In this second guest post, MXP4‘s CEO explains why he thinks interactive music is the way forwards.
The music industry is undeniably at a crossroads, and it’s hard to tell which route will lead to increased revenue. I see the path to growing sales as one requiring three basic steps. First, engage the fans. Second, use that fan engagement to push the message virally. Lastly, leverage that viral engagement to drive purchases of music and music-related products like concert tickets, fan gear and the like. Interactive music is an essential part of this path, and it can lead to a winning place for both fans and the music industry.
As I mentioned in our previous post, we believe that many fans, particularly hardcore fans most responsible for spreading music and driving sales, are as interested in being active with music as they are interested in listening to it. They don’t just want to play it, but play with it. These fans create new mashups, are passionate out remixes and are always on the lookout for new ways to directly engage with artists and other fans online.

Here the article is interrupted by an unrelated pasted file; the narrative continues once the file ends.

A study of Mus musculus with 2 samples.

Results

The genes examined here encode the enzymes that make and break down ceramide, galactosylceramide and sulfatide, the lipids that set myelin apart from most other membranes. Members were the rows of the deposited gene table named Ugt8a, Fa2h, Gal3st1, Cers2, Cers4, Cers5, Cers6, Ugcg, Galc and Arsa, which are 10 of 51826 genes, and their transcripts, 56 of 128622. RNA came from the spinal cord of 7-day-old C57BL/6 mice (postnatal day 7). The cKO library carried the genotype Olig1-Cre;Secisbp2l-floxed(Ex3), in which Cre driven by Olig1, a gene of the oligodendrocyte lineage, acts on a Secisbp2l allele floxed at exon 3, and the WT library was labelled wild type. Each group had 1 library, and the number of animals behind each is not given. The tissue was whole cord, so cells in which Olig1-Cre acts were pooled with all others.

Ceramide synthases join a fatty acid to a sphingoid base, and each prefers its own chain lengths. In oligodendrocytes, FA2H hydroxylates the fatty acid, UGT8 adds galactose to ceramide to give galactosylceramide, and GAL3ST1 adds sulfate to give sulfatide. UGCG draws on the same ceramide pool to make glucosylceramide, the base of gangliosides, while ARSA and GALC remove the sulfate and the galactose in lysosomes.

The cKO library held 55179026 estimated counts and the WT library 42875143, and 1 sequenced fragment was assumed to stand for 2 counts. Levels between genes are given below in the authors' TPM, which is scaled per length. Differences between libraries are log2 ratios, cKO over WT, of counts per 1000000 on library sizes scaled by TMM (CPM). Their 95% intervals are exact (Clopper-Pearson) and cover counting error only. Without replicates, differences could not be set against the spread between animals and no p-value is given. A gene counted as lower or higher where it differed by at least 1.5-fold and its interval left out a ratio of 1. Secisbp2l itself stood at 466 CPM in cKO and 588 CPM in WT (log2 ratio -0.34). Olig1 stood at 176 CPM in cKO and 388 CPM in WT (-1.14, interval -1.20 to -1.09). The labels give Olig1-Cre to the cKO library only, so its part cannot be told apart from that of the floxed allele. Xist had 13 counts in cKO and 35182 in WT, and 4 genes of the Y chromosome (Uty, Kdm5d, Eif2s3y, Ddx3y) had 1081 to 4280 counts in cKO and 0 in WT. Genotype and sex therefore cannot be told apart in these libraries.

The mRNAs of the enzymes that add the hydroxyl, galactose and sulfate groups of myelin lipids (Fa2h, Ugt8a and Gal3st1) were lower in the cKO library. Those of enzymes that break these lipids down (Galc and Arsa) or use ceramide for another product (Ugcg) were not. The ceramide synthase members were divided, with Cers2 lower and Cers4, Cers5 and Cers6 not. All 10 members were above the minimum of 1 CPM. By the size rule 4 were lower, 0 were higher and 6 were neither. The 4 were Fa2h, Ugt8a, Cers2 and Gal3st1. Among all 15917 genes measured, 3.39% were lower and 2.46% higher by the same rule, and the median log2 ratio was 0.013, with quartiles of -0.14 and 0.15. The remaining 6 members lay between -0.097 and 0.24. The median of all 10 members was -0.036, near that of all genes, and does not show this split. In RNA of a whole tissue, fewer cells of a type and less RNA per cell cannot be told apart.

The question becomes, can this desire to play with music and ability to more directly engage with it have a monetizable business benefit? After releasing a number of interactive albums and singles, we took a look at some metrics and here’s what we found:
- When delivered in an interactive bundle, users spend album-like time with music as opposed to single-like time. Our data showed fans played with an average of 2.6 tracks and used the album or single for an average of 9.1 minutes at a time. This demonstrates real potential for premium pricing and services for album-like offerings.
- Fans were not only engaged with the interactive music, but they were inclined to use the built in viral tools to pass the word along. Our data showed that 75% of the traffic to the interactive singles and albums online was of a viral origin.
- And, yes, interactive music leads to sales. Our recent tests showed that as much as 3% of the traffic clicked through to purchase the music.
This is just the tip of the iceberg – the interactive approach also allows marketers more time to send a message and merchandisers the ability to sell music related products and services right through the music app.
Of course, making existing music libraries interactive means making more use of the library of stems. Our next post will cover how interactive music is creating more value in the stems themselves.